John Pearce received the biggest bonus for a chief investment officer of a large super fund with a payout of $653,586, equivalent to 97.6 per cent of his base salary and super package, in the financial year 2014/15.

The bonus size reflects Pearce’s engagement in a number of in-house functions not performed by, or to the same extent, as most other super funds.

For example, not only does Pearce have overall responsibility for the investment of UniSuper’s assets of around $50 billion, he also has direct responsibility of around $25 billion of internally managed funds.

Sue Gould, chair of UniSuper’s remuneration committee, said: “The chief investment officer’s remuneration reflects this extra responsibility. In addition, there are no payments to any outsourced providers to manage that $25 billion, as would be the case with other funds that outsource this function. The chief investment officer’s bonus is heavily dependent on the achievement of quantitative goals over a period of several years.”

The balanced option at UniSuper returned 11.0 per cent for the 2014/15 financial year.

Brad Holzberger of QSuper received the second largest bonus at $512,955 – 84 per cent of his potential incentive for the year. This was a slight decrease from 2013/14 when he received $533,025 – 90 per cent of the potential bonus. The balanced option at QSuper retuned 12.45 per cent for the financial year.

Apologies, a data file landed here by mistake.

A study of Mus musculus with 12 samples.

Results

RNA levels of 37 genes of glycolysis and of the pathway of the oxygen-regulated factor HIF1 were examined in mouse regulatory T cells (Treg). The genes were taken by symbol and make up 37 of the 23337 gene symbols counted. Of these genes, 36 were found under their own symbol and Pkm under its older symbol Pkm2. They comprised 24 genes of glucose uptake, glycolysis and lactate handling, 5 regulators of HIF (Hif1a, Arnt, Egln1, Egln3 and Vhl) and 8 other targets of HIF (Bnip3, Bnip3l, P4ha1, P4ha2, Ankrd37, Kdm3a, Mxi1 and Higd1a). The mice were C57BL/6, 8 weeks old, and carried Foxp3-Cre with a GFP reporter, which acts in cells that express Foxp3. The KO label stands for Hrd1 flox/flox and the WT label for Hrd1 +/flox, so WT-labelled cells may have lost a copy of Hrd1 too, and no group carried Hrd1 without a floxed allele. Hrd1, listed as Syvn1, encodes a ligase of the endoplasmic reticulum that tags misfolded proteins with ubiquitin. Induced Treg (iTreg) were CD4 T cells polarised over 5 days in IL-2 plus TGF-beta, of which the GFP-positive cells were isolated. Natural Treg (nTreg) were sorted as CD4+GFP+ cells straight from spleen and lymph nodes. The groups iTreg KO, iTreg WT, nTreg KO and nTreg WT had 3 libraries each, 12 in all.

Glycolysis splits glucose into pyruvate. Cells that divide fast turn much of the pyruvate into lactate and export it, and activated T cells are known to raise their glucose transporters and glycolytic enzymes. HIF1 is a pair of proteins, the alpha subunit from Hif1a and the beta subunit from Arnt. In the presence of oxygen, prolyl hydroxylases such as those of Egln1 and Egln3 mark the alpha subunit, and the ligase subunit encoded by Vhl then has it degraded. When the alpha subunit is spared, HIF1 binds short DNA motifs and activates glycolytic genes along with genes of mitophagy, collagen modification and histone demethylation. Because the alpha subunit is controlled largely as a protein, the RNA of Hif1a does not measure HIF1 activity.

Mark Delaney, chief investment officer at AustralianSuper, received the third largest bonus at $360,791, equivalent to 54.6 per cent of his salary and super package.

Under AustralianSuper’s structure, Delaney is entitled to a “performance payment” of up to 60 per cent of his salary and super. Others in the fund who are eligible for this type of bonus are capped at 40 per cent.

The fund’s balanced option returned 10.6 per cent in 2014/15.

Out of the other large funds, David Hartley, the departing chief investment officer of Sunsuper, was awarded a bonus of $173,540 and a non-monetary benefit of $27,349 for the financial year. Sunsuper returned 10.2 per cent in its balanced option.

Richard Brandweiner of First State Super was the only chief investment officer to receive a bonus linked to long-term as well as short-term incentives. The amount for each was $119,480. The balanced option returned 7.74 per cent in the 2014/15 financial year.

Neither Rob Fowler of HESTA, Kristian Fox of Cbus, Alison Tarditi of Commonwealth Super Corporation, nor Joanne Townsend of REST, received a bonus as their organisations have a policy of against using monetary incentives.